Making Pitt’s Grease Waste Fit for the Road

Issue Date: 
June 1, 2015

How many Saturday mornings have you stared down at the leftover grease from your bacon and debated—yet again—what you should do with it? It can’t go down the sink, lest you destroy your pipes. No one has coffee cans any more, so collecting it like your grandmother did is out, too. Eventually, the grease solidifies and you scrape it from the pan into the trash with a resolute slup. The whole thing is a messy hassle and a waste, especially when all you wanted to do was eat.

Imagine, then, the 30,000 meals served per day across Pitt’s campus and the cooking oil that results. Where—literally—on earth is that going to go?

For the past few years, pumps in all those kitchens have drained the used oil from cooking equipment into huge jugs that sit on four Pitt loading docks. Four times a year, a truck arrives to suck the oil out of the jugs, clean up what’s left, and haul the goods to nearby Braddock, Pa. 

There, Fossil Free Fuel—an entrepreneurial firm devoted to renewable energy strategies—nonchemically processes the oil to remove particulates and turns it into fuel for retrofitted diesel engines. Carbon emissions reduce by 85 percent when reused cooking oil is substituted for petroleum-diesel fuel. The partnership between Pitt and Fossil Free Fuel makes for a double environmental whammy by keeping the entire process in the Pittsburgh area.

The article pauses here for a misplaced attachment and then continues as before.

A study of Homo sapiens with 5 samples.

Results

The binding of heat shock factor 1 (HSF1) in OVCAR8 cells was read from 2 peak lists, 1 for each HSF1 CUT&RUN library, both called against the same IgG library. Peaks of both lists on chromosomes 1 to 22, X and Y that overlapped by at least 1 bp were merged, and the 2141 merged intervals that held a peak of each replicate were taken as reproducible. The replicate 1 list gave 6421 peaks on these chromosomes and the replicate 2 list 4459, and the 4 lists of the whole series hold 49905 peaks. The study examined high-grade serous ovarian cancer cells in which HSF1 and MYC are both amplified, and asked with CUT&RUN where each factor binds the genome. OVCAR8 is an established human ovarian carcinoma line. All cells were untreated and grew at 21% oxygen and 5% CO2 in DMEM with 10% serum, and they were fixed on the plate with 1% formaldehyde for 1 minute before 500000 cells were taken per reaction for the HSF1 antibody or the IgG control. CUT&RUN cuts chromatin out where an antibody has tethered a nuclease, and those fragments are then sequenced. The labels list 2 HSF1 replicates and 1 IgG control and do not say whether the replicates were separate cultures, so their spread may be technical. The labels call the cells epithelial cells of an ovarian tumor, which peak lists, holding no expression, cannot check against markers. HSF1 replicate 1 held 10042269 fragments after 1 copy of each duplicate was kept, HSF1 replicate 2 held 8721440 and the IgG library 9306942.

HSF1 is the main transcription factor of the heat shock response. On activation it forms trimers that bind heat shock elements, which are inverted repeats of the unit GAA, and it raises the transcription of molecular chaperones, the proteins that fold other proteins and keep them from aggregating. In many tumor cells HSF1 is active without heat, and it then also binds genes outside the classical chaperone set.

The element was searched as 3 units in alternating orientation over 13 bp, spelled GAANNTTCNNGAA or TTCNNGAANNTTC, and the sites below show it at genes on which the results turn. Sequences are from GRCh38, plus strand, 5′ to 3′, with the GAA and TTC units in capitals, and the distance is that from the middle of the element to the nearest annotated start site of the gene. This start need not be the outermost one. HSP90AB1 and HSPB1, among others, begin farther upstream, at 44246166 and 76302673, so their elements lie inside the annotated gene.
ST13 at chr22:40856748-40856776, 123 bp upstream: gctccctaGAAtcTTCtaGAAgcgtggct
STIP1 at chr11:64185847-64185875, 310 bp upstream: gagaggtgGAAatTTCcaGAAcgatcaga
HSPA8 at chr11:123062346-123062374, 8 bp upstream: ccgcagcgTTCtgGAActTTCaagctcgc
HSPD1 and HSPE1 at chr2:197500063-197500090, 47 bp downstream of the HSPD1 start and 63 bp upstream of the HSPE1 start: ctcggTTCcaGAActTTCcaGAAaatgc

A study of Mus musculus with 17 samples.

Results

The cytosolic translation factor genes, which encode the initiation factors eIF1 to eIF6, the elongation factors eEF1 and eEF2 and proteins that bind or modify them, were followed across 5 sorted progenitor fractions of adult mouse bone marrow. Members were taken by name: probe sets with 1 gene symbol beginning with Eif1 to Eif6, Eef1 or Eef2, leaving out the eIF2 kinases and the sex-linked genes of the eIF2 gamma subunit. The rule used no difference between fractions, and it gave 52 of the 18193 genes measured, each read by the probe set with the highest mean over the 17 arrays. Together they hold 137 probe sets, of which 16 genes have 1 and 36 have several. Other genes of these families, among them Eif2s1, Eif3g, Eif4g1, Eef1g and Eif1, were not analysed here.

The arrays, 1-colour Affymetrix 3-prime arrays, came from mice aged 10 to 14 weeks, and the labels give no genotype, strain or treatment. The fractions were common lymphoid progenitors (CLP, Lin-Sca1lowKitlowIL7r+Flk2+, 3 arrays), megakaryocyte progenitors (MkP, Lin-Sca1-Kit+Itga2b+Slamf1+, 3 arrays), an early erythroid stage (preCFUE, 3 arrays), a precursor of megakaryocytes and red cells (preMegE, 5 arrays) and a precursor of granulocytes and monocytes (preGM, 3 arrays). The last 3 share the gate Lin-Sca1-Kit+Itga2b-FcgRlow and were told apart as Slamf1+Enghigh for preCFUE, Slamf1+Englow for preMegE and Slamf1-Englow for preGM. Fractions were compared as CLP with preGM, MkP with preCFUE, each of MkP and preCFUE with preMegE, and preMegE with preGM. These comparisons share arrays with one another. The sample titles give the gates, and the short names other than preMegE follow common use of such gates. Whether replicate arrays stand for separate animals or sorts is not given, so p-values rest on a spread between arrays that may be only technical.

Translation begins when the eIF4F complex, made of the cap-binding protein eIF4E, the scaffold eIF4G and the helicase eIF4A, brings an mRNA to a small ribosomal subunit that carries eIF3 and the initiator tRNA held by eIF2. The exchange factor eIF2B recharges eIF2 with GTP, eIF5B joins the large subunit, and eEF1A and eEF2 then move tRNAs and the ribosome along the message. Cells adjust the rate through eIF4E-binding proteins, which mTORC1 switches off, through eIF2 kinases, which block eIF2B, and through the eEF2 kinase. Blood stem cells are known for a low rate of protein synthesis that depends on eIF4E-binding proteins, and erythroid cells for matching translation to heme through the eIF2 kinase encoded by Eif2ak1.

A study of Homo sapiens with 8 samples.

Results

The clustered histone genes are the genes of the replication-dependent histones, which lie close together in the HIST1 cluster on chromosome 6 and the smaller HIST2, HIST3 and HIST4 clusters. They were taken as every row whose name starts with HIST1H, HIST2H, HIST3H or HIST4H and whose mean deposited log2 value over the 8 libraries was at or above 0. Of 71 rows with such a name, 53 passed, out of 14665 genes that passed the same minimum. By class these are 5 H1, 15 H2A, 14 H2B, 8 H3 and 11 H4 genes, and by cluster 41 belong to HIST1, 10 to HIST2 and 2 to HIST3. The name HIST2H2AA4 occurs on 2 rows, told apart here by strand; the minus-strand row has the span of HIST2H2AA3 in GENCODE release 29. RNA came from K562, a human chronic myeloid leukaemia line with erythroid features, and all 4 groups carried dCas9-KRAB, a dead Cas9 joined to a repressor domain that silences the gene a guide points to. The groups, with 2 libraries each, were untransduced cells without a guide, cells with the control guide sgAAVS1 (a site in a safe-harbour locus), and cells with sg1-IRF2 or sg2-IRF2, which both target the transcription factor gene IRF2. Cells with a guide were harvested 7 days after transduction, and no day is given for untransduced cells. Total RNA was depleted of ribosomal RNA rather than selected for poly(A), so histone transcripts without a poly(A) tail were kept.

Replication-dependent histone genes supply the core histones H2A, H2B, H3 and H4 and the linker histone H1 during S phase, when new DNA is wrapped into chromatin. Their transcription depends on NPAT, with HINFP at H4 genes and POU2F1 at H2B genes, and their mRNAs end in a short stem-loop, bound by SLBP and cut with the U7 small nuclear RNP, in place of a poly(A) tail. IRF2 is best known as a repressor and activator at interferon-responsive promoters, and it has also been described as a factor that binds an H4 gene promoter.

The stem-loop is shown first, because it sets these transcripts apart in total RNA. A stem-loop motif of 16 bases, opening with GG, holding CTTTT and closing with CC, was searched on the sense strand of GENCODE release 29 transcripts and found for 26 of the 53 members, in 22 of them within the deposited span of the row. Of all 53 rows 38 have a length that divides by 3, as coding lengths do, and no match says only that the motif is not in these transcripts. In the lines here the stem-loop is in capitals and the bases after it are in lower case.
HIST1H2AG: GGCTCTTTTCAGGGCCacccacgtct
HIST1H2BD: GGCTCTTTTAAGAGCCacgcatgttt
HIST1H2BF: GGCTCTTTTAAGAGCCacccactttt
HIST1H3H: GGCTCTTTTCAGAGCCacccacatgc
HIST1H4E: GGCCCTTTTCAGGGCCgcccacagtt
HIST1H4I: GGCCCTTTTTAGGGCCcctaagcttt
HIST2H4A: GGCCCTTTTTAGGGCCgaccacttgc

In 2014, Pitt’s creative grease-refuse approach kept 65,000 pounds of CO2 from being released into the air. Or, to look at it another way, the 68.7 barrels of cooking oil powered the equivalent of six passenger vehicles for an entire year.

“It’s a significant amount,” says senior Nick Goodfellow, Student Sustainability Coordinator for Pitt’s Dining Services, about the greasy venture. “And it’s a minimal effort on anybody’s part. Everybody wins.”